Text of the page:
Credit: Sasa Kralj/Jiwafoto
SULAIMANI, Iraq (WOMENSENEWS)–Images of faces rhythmically pound the wall projected as a visual drum. Lea Hariri calls out their names, one by one, all 46 of them, tears spilling down her face.
The 18-year-old was on stage for the first time playing the role of an American-Iraqi woman in New York, far from the 1991 bombing of Baghdad, evoking the names of her Iraqi family.
Hariri was one of five actors in the Iraqi premier on April 28 of “Nine Parts of Desire,” a play about Iraqi women by Heather Raffo. Characters told stories of a divorcée looking for love, a mother who lost her daughter in a bomb raid by U.S. forces, a doctor treating diseases linked to depleted uranium and an exiled politically-active intellectual.
Written in 2003, the play’s world premiere was in Edinburgh, Scotland. It was initially rejected by American theater companies due to the sensitivity of the issues until 2004, when it sold out for nine months in New York City. Since then it continues to be performed around the world.
In Iraq, such stories are not easy to hear, talk about or perform–by an all-female cast of Arabs and Kurds–in a patriarchal country marred by horrors from generations of war. But the play provided a powerful catharsis for the playwright and the cast.
Raffo sat in the front row of a theater for about 300 people to watch the young women appropriate the play in her country of origin. She laughed, cried and at times covered her face with her hands as if taming the maelstrom of emotions during the two performances.
Hariri’s tears were not part of the script. As she played her part she channeled her character’s grief at a deeply personal level, remembering the deaths of her own loved ones since 2003.
“It’s just that feeling of losing someone, or of not knowing what’s going to happen to them. It drives you crazy,” she said in an interview following the performance.
Three months of rehearsal, of living for the play and in the play, brought the cast closer to each other, to their pasts and complex identities, said the cast members, all students at the American University of Iraq-Sulaimani.
‘Too Young to Remember’
They were still children in 2003 and too young to remember the trauma of sanctions and previous wars. But that didn’t matter to them.
“I feel like we’ve witnessed every war that happened to Iraq,” Hariri said.
Danger, violence and death became part of the cultural fiber, determining language patterns; when Hariri goes out in Baghdad, upon leaving her friends the words are always the same: “We don’t say ‘See you tomorrow.’ It’s always like ‘Call me when you get home.’ I still have that fear. I’m afraid I might lose my loved ones.”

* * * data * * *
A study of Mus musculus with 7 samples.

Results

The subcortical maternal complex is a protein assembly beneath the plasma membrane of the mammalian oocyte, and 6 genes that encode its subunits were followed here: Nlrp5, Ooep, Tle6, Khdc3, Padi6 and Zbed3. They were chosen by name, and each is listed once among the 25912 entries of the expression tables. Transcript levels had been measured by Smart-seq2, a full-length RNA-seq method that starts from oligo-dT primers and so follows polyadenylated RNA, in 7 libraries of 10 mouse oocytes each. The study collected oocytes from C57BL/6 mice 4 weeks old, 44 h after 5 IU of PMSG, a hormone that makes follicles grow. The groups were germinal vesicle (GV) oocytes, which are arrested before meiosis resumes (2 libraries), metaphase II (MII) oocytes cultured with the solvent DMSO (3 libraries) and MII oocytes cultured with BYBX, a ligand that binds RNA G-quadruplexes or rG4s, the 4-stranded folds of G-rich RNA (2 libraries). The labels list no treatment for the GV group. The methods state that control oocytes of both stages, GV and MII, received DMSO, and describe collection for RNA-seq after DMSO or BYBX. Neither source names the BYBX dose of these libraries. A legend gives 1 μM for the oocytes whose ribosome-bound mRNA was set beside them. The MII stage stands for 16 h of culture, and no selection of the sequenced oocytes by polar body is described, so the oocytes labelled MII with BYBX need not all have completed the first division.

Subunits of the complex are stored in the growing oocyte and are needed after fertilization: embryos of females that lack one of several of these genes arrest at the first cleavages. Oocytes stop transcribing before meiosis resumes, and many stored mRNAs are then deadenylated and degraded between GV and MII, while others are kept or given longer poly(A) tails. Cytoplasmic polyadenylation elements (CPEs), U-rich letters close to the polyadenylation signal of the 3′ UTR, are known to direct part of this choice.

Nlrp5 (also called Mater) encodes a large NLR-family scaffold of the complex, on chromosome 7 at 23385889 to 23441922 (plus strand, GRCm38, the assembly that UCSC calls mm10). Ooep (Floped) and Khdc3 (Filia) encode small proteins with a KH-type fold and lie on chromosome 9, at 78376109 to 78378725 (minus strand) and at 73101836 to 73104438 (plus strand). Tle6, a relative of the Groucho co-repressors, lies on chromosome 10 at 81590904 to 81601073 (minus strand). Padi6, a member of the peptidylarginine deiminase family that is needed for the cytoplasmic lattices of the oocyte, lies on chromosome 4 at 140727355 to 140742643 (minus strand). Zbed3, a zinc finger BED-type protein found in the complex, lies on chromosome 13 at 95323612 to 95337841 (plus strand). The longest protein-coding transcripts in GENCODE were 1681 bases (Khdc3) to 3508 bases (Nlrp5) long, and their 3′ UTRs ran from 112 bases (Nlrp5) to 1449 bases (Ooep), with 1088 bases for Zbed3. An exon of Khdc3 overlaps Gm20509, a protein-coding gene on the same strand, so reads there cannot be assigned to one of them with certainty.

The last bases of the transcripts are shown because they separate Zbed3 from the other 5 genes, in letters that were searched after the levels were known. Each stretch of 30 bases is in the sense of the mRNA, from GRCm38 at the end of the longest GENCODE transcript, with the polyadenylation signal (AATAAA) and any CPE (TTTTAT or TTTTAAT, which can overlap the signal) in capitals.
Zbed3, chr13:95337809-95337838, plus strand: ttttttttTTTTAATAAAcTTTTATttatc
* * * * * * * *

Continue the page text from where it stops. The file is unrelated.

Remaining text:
Hariri grew up in Baghdad before starting college in Sulaimani. During the war she lived on Haifa Street, known as “the street of death,” where fresh corpses lying between buildings were a common sight.
The five women in the cast were themselves a microcosm of Iraq: Kurds, Arabs, a mixture. It can be an enriching or a combustible blend.
Cast member Mina Bassam Attar, 21, grew up in Baghdad but left when she was 10, just before 2003. Some of her fellow Kurds frown at her mingling with Arabs. “What happened was not because of Arabs. What happened was because of Saddam,” said a frustrated Bassam in reference to the systematic killings or deportations of Kurds during the former regime. “I think it would be better and nicer if people would learn to get along, because we have bigger problems to think about.”
Actors who lived in the much safer Kurdish area found themselves dealing with detachment from Baghdad-like realities. Kazho Muhsin, 20, said she hadn’t experienced the stories told in the play or even those recounted by her Kurdish family.
“Most people I know they’re like ‘Oh it brings back bad memories I don’t want to hear,'” Muhsin said. But for her, the play brought the stories to life and made her appreciate her relative good fortune and the hardships of so many women.
Her character is based largely on an Iraqi female artist who painted thousands of portraits of Saddam Hussein but who was surrounded by rumors that numerous sexual affairs fueled her success.
“Whore” is one of the words Muhsin yells out on stage. That word alone caused her many sleepless nights. She feared she’d be ostracized for saying it aloud in public. But the audience understood; applause broke at the end of her powerful scene.
“They linked her bravery to me,” Muhsin said. “Her lines became part of me. She made me more powerful.”
For some of the actors, such as Minatullah Amer, the play helped her handle her own traumas. Amer’s Baghdad childhood dream was to go live in Disneyland where everything is “shiny” and happy. Though her parents tried to shield her as much as possible from the war, she felt the pressures, heard the sirens, nearly died in an explosion. The nightmare culminated when her brother was kidnapped. Though released after two days, he was scarred for life. The play brought the pain she’d always tried to escape, to the surface.
“I started accepting my past,” Amer, 20, said. “Even though we try to forget about it, we have to face it at some point. Acknowledge that that’s who we are.”
Actor Sahar Jamal, 22, said the play was a springboard for her to be a more active woman, to help facilitate dialogue: “The power of community will be derived from having all the genders, both genders, in the society working together.”
As the curtain fell and a loaded silence gave way to roaring applause, Raffo was pulled onto stage into a giant hug by her heroines-turned-students-again.
“What I have discovered here is their voices have been empowered,” Raffo said. “I feel like just ‘get out of the way.’ Let the process that I always dreamed could happen, happen. The process of Iraqis talking to each other.”
Cyrille Cartier is a freelance journalist and journalism mentor sharing her time between Europe and the Middle East, particularly Iraq.